Production high-performance networking with Snabb and LuaJIT
Friday 10:40 a.m.–11:25 a.m.
Target audience: Developer
It used to be that to set up a serious network, you needed to stock racks and racks with specialized proprietary single-purpose boxes. This was because only specialized hardware could handle the hundreds of gigabits per second that might flow through any given box.
Things have changed. With the rise of cheap commodity Xeon-based servers and widespread availability of 10 gigabit network cards, an off-the-shelf server with a few NICs can now handle the workload. The age of open source software-driven routers is fully here -- but it doesn't look like what we thought it would, 10 years ago.
We thought it would be Linux everywhere, but it turns out that Linux's networking stack is just too slow. To get around this problem, modern high-speed software switches bypass the kernel entirely, instead booting network cards and handling traffic entirely from user-space. The up-side of this is that now we have the possibility of using pleasant, hackable, open source, standalone software stacks to deliver network applications that are tailored to specific needs.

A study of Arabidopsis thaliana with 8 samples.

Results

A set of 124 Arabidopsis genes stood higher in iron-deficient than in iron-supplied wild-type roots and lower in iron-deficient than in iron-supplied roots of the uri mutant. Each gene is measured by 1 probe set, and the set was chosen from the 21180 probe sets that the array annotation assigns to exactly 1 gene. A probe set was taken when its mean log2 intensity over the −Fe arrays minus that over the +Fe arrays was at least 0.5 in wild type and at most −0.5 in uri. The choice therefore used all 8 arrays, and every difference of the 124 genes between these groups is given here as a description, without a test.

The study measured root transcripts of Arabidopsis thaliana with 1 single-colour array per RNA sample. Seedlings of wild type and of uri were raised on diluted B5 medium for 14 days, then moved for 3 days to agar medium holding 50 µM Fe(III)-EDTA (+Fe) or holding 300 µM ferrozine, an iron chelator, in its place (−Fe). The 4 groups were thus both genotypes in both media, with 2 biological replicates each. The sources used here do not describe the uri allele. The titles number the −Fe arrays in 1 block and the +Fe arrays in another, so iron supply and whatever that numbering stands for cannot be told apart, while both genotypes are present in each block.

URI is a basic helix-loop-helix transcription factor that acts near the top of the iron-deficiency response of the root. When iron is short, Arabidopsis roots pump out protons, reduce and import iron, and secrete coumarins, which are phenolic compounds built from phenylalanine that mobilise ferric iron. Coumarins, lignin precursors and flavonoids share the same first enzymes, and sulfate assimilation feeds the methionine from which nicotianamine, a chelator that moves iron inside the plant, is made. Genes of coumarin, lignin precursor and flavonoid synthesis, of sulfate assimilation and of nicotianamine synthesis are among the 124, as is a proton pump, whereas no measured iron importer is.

This talk presents Snabb, a toolkit for building user-space network functions. Snabb is entirely written in the expressive Lua language, minimizing the amount of code that you have to write to get stuff done. Snabb specifically uses the LuaJIT implementation of Lua, giving us excellent code generation as well as efficient access to low-level binary data and AVX2 assembly generation.
Snabb's goal is to be "rewritable software": software that's so simple that you could explain it to someone and they could write their own. By the end of the presentation, you too should have this feeling.
We will also describe how Snabb is used in practice in major telecoms and ISPs to provide IPv6 transition technologies to entire countries. Using Snabb allowed a small team of open-source hackers to ship a product that competed favorably against offerings from traditional network vendors.
More recently Andy has been applying his experience gained on dynamic language virtual machines to the domain of high-performance networking, building fast virtual switches on top of the the LuaJIT-based Snabb networking toolkit.
Andy just passed his five-year anniversary at Igalia, a consultancy out of Spain that is organized as a worker-owned cooperative. After all these years, Andy's favorite compilers paper is still "Lambda, the ultimate GOTO".